August 4, 2014 marks the centenary of Britain’s declaration of war on Germany. To many, this marks the beginning of the first World War, or the Great War.
“In late June 1914, Archduke Franz Ferdinand of Austria was assassinated by a Serbian nationalist in Sarajevo, Bosnia. An escalation of threats and mobilization orders followed the incident, leading by mid-August to the outbreak of World War I, which pitted Germany, Austria-Hungary and the Ottoman Empire (the so-called Central Powers) against Great Britain, France, Russia, Italy and Japan (the Allied Powers). The Allies were joined after 1917 by the United States. The four years of the Great War–as it was then known–saw unprecedented levels of carnage and destruction, thanks to grueling trench warfare and the introduction of modern weaponry such as machine guns, tanks and chemical weapons. By the time World War I ended in the defeat of the Central Powers in November 1918, more than 9 million soldiers had been killed and 21 million more wounded.”
You can find research materials on World War I in HeinOnline. A notable example is the 1918 title War Cyclopedia: A Handbook for Ready Reference on the Great War edited by Frederic L. Paxson, Edward S. Corwin, and Samuel B. Harding.
This title identifies common and not so common terms, geographic locations, and political figures relating to the Great War.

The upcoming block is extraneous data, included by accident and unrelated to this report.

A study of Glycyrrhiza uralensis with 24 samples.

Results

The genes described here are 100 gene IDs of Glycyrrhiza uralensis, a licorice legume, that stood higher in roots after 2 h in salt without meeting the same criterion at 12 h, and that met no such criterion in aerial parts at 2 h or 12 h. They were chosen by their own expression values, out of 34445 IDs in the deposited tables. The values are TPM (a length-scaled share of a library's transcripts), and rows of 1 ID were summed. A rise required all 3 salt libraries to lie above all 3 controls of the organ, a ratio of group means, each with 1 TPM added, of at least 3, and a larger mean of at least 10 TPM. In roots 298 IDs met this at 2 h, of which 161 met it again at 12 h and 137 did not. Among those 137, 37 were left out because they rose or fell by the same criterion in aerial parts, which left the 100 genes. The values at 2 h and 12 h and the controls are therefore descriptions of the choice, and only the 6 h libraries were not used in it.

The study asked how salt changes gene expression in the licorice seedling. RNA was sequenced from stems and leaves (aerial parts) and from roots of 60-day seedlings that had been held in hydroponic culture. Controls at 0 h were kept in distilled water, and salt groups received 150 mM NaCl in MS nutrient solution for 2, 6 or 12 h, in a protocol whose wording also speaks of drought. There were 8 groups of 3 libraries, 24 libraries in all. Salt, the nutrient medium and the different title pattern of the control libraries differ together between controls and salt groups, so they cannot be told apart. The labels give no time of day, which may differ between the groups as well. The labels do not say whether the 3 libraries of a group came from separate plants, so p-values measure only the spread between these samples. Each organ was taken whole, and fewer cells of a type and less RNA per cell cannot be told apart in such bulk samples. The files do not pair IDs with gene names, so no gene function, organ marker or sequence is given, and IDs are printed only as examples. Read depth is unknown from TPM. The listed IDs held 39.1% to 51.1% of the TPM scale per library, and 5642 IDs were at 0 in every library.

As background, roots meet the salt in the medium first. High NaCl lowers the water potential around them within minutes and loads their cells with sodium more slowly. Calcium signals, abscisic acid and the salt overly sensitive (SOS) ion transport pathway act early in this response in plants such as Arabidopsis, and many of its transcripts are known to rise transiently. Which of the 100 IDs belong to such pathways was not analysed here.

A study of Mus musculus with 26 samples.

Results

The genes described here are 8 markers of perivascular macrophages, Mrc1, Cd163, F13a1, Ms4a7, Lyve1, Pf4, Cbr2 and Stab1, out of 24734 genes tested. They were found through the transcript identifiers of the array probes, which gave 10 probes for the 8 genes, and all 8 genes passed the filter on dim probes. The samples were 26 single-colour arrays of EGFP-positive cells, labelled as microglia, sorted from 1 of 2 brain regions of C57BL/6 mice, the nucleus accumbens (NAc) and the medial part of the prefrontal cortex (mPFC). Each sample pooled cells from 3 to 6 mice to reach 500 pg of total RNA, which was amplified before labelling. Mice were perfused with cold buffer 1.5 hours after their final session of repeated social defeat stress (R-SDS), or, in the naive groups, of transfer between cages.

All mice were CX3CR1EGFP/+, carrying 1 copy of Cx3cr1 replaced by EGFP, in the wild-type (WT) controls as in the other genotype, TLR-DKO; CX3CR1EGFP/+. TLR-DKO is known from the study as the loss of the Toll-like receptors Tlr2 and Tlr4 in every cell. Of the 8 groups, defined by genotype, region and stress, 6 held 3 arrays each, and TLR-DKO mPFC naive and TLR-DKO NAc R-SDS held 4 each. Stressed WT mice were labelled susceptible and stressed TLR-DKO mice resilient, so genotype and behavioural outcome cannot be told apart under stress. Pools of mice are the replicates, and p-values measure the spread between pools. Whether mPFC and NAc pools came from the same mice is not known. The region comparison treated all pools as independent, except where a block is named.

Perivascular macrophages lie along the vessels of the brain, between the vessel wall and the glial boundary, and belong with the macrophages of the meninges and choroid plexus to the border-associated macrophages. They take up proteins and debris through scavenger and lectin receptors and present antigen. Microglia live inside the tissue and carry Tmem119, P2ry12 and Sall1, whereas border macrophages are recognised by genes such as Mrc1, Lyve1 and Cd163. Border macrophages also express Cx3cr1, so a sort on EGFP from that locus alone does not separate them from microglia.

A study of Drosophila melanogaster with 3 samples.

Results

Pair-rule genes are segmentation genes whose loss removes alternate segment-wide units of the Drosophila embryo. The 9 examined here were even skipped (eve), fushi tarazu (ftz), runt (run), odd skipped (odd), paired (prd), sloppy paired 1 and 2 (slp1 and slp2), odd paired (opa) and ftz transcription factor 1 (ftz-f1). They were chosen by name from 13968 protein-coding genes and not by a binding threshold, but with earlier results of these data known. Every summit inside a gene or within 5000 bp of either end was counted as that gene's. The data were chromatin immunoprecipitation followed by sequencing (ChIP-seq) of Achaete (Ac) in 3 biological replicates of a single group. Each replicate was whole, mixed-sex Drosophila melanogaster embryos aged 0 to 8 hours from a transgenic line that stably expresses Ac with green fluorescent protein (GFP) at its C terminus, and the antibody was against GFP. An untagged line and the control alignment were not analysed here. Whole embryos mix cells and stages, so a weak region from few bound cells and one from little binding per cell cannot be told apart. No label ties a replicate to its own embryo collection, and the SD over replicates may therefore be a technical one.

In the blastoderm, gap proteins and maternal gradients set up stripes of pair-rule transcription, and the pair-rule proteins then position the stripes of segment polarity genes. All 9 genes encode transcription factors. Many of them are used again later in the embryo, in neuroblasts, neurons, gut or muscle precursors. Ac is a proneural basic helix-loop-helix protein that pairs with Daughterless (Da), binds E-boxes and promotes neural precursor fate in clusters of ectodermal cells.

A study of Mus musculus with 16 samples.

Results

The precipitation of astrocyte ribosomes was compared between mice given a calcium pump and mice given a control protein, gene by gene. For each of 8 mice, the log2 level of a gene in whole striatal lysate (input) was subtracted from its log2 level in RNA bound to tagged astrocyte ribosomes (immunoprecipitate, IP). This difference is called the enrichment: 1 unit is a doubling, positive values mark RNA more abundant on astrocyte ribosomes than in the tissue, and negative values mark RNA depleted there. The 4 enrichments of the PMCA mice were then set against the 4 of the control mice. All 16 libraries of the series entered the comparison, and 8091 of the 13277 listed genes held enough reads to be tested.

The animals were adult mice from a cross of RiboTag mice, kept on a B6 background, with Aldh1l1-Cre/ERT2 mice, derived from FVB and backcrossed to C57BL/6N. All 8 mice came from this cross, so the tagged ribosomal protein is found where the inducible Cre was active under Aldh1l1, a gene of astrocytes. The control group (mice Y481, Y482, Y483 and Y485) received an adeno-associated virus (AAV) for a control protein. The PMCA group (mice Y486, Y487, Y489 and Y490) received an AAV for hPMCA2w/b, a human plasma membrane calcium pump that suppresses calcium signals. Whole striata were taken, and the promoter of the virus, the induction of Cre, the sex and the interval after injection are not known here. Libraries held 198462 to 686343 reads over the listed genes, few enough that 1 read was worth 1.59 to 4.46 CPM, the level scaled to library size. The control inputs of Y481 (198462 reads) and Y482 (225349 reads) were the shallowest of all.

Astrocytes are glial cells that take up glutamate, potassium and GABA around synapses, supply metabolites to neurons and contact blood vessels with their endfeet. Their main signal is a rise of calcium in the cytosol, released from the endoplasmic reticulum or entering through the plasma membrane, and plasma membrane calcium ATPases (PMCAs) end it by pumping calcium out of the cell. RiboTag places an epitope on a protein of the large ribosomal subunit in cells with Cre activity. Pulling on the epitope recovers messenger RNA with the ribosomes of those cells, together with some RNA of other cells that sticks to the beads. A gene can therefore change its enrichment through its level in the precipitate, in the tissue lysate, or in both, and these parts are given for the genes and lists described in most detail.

Trench Warfare: The protection of troops demands stronger field entrenchments than have been necessary in previous wars; hence the so-called “trench warfare,” which during the last three years has largely taken the place of former tactics. Digging trenches and throwing up breastworks for protection against the enemy’s fire is, of course, not a new thing in warfare. A complicated network of trenches now protects the men on both sides. The spade has become one of the soldier’s best weapons of defense. The chief improvement in methods of defending entrenched troops is the increased use of machine guns, which must be put out of operation by artillery fire or by rifle fire directed against the gunners before infantry can advance directly against them. There has been also a great increase during the present war in the use of barbed wire in front of the trenches as a means of defense. Through the use of wire and machine guns it is now possible to defend the front line positions with smaller bodies of men than were considered necessary during the earlier years of the war, thus considerably reducing the losses entailed.